A black and white film begins. It is clearly modern, but nostalgic in quality, meant to evoke the look and feel of Second World War film reel. To the tinny strains of “The Maple Leaf Forever,” a narrator begins to tell the story of HYDRA, a highly secretive and secure World War II communications facility housed at Camp X in Oshawa, which allowed the Allies in London, Washington, and Ottawa to exchange crucial intelligence with each other in the war against the Axis powers. The footage flits from “plucky Canadian engineers” erecting antennae, to a spindly-legged Rockex encryption device, to teletype operators sporting victory rolls, and to massive banks of antiquated-looking radio equipment. HYDRA, the narrator intones, was of “vital” importance to the war effort, and it continued to “provide Canada with important signals intelligence and communications for many more years” after it was transferred to the Diefenbunker near Ottawa. The camera then hovers over HYDRA communications equipment, now housed at the headquarters of the Communications Security Establishment (CSE). The wartime machinery has become a museum artefact, serving as a “reminder of CSE’s long-standing mission to provide and protect information, through leading edge technology, through synergy with our partners.”
The film itself is a curious artefact of sorts. For years, the existence of the CSE, Canada’s signals intelligence agency, was unknown to the public. Even after an investigative news team from the CBC uncovered the existence of the agency in 1974, it was not officially acknowledged by the Canadian government until 1983. Its history, too remained shrouded in secrecy. In one instance, the CSE attempted to block an institutional historian at the Department of External Affairs from publishing an account of Canadian wartime signals intelligence efforts. Now, in an interesting reversal, what once was a closely-guarded secret for the CSE is presented as a point of pride. The HYDRA newsreel film is just one part of a larger, celebratory exhibition on the history of the CSE, on the agency’s website, featuring videos, artefacts, historical sketches, and documents.
Yet despite this seemingly public reckoning with its own history, the CSE leaves much of the story untold. The newsreels and historical sketches on the origins of signals intelligence in Canada are lean on detail. And for the most part, these brief sketches leap right from the 1940s to the present day, skimming over the largest part of the history of the CSE generally and signals intelligence in Canada more broadly. The HYDRA newsreel is somewhat unique in that it nods to the Cold War and the Diefenbunker. But before one can ask how it came to be buried in a nuclear bunker under miles of earth and concrete, the film abruptly ends, and the HYDRA equipment is reduced to obsolete tech in a display case. Disconnected from greater signals intelligence systems. Divorced from greater historical context. Inert, and tame.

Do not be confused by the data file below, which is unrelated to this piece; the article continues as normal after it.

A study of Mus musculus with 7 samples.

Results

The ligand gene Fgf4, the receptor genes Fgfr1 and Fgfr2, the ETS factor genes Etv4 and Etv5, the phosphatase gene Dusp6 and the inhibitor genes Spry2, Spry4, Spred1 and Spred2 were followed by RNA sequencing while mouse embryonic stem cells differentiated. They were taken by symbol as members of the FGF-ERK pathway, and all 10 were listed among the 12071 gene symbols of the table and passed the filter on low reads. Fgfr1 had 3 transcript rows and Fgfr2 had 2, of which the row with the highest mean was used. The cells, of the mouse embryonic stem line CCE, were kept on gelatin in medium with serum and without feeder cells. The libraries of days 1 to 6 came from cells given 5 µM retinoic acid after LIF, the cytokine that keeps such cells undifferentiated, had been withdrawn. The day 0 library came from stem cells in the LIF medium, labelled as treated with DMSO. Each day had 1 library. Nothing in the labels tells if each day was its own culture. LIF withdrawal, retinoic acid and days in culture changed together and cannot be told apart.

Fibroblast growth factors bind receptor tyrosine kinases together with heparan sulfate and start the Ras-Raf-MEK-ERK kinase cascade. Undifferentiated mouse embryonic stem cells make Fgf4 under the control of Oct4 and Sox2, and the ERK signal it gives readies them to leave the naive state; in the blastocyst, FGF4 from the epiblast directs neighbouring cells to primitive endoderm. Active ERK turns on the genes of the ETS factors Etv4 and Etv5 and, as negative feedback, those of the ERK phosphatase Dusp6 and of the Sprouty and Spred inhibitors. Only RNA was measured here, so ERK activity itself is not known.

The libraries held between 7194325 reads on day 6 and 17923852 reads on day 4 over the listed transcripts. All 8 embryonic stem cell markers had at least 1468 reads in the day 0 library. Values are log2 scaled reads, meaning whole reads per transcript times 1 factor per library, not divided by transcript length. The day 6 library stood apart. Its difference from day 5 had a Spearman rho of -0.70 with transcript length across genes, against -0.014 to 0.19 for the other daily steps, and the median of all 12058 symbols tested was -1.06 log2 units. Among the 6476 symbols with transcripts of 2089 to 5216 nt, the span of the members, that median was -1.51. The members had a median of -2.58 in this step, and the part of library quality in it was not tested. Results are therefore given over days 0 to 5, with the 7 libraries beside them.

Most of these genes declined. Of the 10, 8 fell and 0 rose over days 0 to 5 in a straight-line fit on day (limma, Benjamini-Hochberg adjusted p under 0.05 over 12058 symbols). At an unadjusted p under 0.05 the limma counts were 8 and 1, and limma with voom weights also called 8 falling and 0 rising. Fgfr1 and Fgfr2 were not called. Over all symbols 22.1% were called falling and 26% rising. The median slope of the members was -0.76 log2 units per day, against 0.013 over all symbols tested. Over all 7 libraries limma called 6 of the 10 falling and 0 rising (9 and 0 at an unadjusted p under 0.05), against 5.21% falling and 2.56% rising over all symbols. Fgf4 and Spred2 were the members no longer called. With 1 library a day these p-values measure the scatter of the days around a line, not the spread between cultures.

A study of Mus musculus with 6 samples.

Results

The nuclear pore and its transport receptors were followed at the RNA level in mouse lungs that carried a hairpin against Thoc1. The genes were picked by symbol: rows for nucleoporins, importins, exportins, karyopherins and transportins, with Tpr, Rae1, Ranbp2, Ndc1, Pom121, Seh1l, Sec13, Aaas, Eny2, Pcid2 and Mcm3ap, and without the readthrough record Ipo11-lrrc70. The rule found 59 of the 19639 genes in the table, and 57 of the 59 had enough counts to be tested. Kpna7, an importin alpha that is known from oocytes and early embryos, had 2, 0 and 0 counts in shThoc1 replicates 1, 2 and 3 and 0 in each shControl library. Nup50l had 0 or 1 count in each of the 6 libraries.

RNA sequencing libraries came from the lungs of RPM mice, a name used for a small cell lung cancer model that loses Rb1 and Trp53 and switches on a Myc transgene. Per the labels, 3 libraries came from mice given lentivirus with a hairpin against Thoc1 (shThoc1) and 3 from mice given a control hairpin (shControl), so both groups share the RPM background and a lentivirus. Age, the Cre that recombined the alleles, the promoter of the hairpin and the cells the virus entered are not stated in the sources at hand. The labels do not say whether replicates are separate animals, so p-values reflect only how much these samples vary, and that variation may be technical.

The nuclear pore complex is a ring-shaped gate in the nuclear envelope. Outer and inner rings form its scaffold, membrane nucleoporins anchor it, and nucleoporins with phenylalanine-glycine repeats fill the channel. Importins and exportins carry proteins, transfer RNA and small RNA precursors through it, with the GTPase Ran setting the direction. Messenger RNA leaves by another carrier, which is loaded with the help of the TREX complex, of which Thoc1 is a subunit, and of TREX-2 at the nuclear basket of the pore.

As the following briefing books will show, HYDRA was a far more complex and unwieldy creature than this film would imply. True, HYDRA was built by Canadians but it was a British operation until 1947. While Canada assumed Control of the HYDRA station, maintaining the network still required close collaboration between Canadian and British officials. The efforts were worthwhile. HYDRA was not just an important part of Canada’s postwar intelligence and communications infrastructure, but a key that opened the door to postwar intelligence sharing agreements between Canada, the United Kingdom, and the United States. Later, it would be part of the strategic warning infrastructure used by these partners (the Tripartite Alerts System).
Throughout its life, HYDRA was also a creature of many masters. Indeed, the CSE (then CBNRC) was both producer and beneficiary of the intelligence and communications carried over the network. But within Canada it also served the Department of External Affairs, and it was maintained and operated by the Department of National Defense - an arrangement that was not without some tension.
As the Cold War intensified and the threat of nuclear war grew, it became increasingly clear that the HYDRA was a fragile creature, not only subject to interruption, but vulnerable to attack. By early 1961, plans were underway to move HYDRA to the Diefenbunker. But what is less certain is whether these plans ever came to fruition.
Ultimately, both the tape relay centre at Leitrim and the transmitting facility at Oshawa were shuttered. From the documents available, it appears HYDRA moved to Rockcliffe – but this too is ambiguous. The final telegram in this document series bears a handwritten notation indicating that the name “HYDRA” had been all but forgotten by 1971. Did HYDRA cease to exist, its tendrils severed? Or were its limbs simply reformed, repurposed, and transformed into an entirely new creature? While these questions remain, the following briefing books reveal the shape of HYDRA from 1946 to 1971.
 Communications Security Establishment Film Unit, “Artefacts of CSE – Episode 2: HYDRA and ROCKEX,” Communications Security Establishment, https://www.cse-cst.gc.ca/en/history-histoire/artefacts-objets/episode-2, accessed 14 August, 2019.
 Communications Security Establishment, “Artefacts of CSE – Episode 2: HYDRA and ROCKEX”
 Wesley Wark, "Cryptographic Innocence: The Origins of Signals Intelligence in Canada in the Second World War," Journal of Contemporary History. 22, no. 4, 1987: 641.